Wandering around backstage as it were at the Tour de France you get to see all sorts of technical exotica big jockey wheels, and a whole lot of Zipp wheels, including these beauties the new Zipp 404 Carbon Clincher launched a few weeks back with much media hoo hah. What's so special about them? Well watch our video to find out…
Andy Paskin was Zipp's man on the ground in the lead up to the Tour's Grand Depart in Rotterdam and he took time out from liaising with all the teams running Zipp wheels and equipment (and that's a lot of teams with a lot of wheels, just take a gander at Saxo Bank's Zipp wheel mountain) to show us the new 404s and the new aluminium Zipp 101 clinchers … but more on them later.
Zipp are targeting enthusiast roadies and racers with the new wheel: "There are a lot of riders that don’t want to or are tired of gluing tubulars but still want the aero performance of a tubular and a cool looking wheel." The other big group Zipp think will be interested are triathletes who again want the benefits of a high performance aero wheel, but are apprehensive about using tubulars and one reason for that, particularly in the US where event entry fees are high, "most [triathletes] want the highest performing, most aerodynamic product but some are apprehensive to go tubular. The main reason being that they paid $600 to race and are concerned that their training and entry fee may be lost on peeling a tubular off on the side of the road," Andy explained.
There's been a clincher version of the 404 for a while now but one with an aluminium braking track so it doesn't have the weight advantage of being a full carbon rim. This new wheel incorporates Zipp's Fire Crest rim shape which Andy explains in full in the video but is essentially Zipp's way of combining the demands a clincher tyre puts on a rim with the benefits of using carbon along with the most aerodynamic rim profile possible.
One of the ways the new 404 uses to meet the demands of a clincher is by incorporating an exclusive to Zipp carbon compound for the braking surface. This braking surface compound includes a heat resisting resin which, says Zipp, helps stop the spikes in temperature that heavy continuous braking can cause in conventional carbon rims and which can be so detrimental to the performance of clincher tyres… not something you want on a long 30mph alpine descent.
To get the full low down on the new carbon clincher 404s watch video where Andy gives us chapter and verse on all the technical aspects of the wheelset seeminly without pausing for breath which is quite a feat in its own right.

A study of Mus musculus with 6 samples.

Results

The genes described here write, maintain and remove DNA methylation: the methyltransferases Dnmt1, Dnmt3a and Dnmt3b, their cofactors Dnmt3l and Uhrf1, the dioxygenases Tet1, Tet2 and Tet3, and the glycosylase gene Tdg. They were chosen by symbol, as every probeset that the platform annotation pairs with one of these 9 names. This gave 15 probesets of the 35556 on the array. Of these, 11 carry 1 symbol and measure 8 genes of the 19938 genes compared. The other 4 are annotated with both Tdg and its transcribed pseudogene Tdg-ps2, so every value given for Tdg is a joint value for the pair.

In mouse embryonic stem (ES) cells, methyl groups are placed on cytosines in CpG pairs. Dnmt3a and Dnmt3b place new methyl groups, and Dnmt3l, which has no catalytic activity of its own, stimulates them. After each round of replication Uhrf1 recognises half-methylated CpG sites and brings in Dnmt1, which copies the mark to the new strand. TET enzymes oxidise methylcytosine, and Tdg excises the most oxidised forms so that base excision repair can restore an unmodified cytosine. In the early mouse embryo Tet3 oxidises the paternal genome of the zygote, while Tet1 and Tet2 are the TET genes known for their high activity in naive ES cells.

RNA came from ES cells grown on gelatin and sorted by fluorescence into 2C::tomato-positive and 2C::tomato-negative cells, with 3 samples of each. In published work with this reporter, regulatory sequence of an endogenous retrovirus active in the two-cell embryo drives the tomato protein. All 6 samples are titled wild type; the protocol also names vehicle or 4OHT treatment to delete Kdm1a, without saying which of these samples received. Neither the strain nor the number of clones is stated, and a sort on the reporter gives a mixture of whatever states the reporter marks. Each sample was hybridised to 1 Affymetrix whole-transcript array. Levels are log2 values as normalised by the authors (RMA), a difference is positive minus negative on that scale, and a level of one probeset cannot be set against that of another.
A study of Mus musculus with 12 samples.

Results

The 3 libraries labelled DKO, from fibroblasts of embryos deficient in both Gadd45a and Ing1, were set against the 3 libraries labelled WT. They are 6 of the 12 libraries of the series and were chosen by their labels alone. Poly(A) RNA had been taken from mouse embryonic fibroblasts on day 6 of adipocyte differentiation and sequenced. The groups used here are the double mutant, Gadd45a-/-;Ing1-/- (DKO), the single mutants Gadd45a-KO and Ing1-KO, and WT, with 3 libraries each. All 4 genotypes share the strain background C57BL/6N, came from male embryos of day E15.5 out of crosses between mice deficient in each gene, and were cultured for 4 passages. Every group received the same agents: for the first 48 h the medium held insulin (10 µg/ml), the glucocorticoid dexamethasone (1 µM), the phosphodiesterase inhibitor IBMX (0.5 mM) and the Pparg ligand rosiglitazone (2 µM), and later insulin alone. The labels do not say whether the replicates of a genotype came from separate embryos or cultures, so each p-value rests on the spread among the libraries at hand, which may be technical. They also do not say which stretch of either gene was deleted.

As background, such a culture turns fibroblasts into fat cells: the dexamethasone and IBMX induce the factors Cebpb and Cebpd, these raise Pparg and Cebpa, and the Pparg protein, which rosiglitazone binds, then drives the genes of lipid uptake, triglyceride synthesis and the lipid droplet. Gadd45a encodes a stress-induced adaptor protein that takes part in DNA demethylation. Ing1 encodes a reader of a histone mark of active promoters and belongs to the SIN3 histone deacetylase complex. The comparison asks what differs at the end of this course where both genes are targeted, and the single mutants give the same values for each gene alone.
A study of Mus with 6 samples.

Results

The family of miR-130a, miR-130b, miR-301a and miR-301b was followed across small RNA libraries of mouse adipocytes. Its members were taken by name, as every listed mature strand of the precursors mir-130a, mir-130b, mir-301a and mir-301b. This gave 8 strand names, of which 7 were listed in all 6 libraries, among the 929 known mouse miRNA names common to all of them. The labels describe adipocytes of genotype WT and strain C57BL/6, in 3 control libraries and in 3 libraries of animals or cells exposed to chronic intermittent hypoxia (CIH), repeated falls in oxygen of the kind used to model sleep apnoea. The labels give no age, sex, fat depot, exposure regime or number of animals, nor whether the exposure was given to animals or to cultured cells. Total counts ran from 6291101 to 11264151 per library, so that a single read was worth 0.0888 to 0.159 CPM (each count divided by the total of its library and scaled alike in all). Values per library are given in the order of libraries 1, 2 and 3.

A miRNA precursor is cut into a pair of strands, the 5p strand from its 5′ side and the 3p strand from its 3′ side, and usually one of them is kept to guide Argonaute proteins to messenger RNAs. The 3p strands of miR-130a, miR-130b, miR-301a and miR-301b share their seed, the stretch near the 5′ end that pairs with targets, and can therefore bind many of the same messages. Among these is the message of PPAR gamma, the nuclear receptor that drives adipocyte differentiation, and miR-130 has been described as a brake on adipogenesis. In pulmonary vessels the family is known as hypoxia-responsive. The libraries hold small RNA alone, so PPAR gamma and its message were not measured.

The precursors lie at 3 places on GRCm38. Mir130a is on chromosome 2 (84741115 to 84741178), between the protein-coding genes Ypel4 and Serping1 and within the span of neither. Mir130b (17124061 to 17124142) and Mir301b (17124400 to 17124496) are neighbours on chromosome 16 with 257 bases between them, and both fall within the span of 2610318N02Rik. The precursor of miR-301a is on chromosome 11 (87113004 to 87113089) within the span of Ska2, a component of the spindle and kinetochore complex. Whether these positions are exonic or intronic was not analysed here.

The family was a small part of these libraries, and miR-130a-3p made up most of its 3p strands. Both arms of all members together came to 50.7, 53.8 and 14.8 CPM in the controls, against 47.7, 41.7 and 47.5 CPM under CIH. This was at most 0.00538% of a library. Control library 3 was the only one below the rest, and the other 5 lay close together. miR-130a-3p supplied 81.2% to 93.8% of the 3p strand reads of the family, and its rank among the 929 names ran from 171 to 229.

All the technical aspects of the wheel are covered in the video, Zipp spent two years prototyping them so that you can have a lightweight carbon rimmed wheel with the convenience of not having to glue your tyres to it, claimed weight for the complete wheelset is 1557g, and the price… not cheap, we'll update this as soon as we get any information.
Of course, when you meet the man from Zipp amid a sea of speed weaponry at the Tour de France and he shows you his new carbon clincher wheel the question you should ask him is: are any of the pros riding them…? And the answer is? We're emailing him right now okay, it was very hot, and I hadn't had cake for hours… my blood sugar was all over the place, be interesting to know though, most pros are pretty wedded to their tubs but not necessarily all of them. And the answer is:
"Nicki Sorenson and Baden Cooke have been training on them for a few months….Racing on them is not out of the question, as these guys simply want the highest performing, best feeling product!" says Andy.
As to availability? They're shipping now in the US and we'd expect to see them over here some time in the autumn, but we'll keep you posted on that too. The cost is £2,300 the pair.
Tony has been editing cycling magazines and websites since 1997 starting out as production editor and then deputy editor of Total Bike, acting editor of Total Mountain Bike and then seven years as editor of Cycling Plus. He launched his first cycling website - the Cycling Plus Forum at the turn of the century. In 2006 he left C+ to head up the launch team for Bike Radar which he edited until 2008, when he co-launched the multi-award winning road.cc - which he continues to edit today. His favourite ride is his ‘commute’ - which he does most days inc weekends and he’s been cycle-commuting since 1994. His favourite bikes are titanium and have disc brakes.